Don't take the bait!

  • Published
  • By Master Sgt. Cassandra L.Dyer
  • 48th Communication Squadron
If you received an email that told you, they will take all your money if you click on their web link, would you do it. Of course not!

So why do so many people get their identification stolen and lose all their savings? One way is through "phishing," a variation on "fishing." The idea being that bait is thrown out with the hopes that some will be tempted into biting. Even if a scam artist sends out 10,000 phishing attempts and only 2 people fall for it, that is still a lucrative scam.

If you have a personal email account, you probably have seen these types of emails. An official looking email informs you that your account may have been accessed by an unofficial third party and it is urgent you click on the URL provided to confirm/update/verify your account data. Now if you are foolish enough to follow the link, it takes you to a website that looks just like the official website you have been to before. Here is an example of a site that has been spoofed to look like Bank of America Military Banking.

The less knowledgeable person may think, the site knows what number my card starts with, so it must be okay. Every credit card belonging to Bank of America starts with the same number. For Visa and MasterCard, the first six numbers are the Bank Identification Number. The next nine digits are the individual account number and the last digit is the validity check code. No credit card company will ever ask you to verify your credit card number and expiration date in this manner. They also will never ask you for your PIN. If you give this information away, kiss your fortunes goodbye!

The way a phishing fraud works is the culprit sets up of a website to mirror a real website. Everything on the website looks just like what you are used to seeing when you visit the original website. Everything, that is, except the web address. The address is usually very similar in an attempt to gain your trust.

If you ever have any doubt, do not click on the web link provided. Instead, manually type in the website you know to be true. If the message were real, it would be on their home page. If you do not know the web site, call the number on the back of your card for more information. Many of the automated phone services will cite the website while you are queuing. Protect your identity by following these simple steps.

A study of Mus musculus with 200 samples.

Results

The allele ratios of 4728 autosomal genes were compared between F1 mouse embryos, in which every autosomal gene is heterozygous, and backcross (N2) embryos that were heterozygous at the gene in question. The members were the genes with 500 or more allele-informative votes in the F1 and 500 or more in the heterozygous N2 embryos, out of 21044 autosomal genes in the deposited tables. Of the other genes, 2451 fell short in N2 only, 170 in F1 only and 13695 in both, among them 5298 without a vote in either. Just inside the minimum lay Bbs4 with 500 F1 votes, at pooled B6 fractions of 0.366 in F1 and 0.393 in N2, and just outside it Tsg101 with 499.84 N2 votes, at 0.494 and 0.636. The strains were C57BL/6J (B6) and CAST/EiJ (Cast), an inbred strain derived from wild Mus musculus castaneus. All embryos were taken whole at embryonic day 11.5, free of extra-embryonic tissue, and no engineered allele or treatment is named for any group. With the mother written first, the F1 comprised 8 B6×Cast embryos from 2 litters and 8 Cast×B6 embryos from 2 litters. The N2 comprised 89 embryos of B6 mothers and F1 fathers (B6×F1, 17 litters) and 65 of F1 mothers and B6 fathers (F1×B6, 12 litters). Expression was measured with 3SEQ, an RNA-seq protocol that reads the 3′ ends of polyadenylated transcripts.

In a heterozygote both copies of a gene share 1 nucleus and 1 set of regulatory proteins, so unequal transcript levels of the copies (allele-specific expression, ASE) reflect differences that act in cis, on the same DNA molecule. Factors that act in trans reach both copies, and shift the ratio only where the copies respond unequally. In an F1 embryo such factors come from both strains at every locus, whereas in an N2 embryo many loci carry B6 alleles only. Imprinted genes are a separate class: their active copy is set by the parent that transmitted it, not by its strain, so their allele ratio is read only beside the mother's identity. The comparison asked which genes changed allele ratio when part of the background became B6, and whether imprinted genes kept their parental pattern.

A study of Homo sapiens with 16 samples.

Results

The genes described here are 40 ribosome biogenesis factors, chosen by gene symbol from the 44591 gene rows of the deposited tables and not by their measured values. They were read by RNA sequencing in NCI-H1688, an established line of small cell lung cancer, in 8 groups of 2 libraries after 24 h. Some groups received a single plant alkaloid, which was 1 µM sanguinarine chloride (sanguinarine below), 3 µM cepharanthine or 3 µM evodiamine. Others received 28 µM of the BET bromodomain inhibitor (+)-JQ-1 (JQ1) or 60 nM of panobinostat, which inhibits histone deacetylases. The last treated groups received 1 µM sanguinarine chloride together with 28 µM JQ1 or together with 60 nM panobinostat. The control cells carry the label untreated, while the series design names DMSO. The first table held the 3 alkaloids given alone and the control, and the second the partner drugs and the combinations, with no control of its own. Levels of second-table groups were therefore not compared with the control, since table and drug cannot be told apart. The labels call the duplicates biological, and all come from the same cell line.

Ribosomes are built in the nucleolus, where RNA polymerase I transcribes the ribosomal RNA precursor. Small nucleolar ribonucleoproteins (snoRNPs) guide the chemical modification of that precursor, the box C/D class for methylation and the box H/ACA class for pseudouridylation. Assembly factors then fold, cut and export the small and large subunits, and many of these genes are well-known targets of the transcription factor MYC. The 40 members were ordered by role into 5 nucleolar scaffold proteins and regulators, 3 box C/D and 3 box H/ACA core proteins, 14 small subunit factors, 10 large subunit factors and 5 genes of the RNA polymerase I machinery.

1. If you suspect an e-mail may be phishing, contact the organization's customer support center immediately. Only call the number found on your credit card statement or the back of your card. Voice phishing is another way to steal your information by giving you a false number to call. 

2. Be very skeptical of "urgent" messages that require you to enter confidential information. Never click on the URL link provided until you feel confident it's legit. 

3. Keep your Internet browser software up to date and use an anti-virus and anti-spam product. 

4. Check your online account balances and transactions regularly for any discrepancies. Do not wait for your monthly reconciliation.

Another way of protecting yourself is by keeping up on your credit report. The Fair and Accurate Credit Transactions Act of 2003 allows consumers to request an annual credit report without any cost or gimmicks. Go to to request reports from all of the nationwide consumer credit reporting companies.

NOTE: This website will only work within the United States or from a government computer. There are websites out there claiming to be free, but in the end, they are not, so be careful. Since you can only request a free report from each company once every 12 months, you may want to spread out your request.

There are three consumer credit reporting companies so consider requesting a report every 4 months using a different company each time. You may find minor differences between the consumer credit reporting companies, but all three companies are vigilant.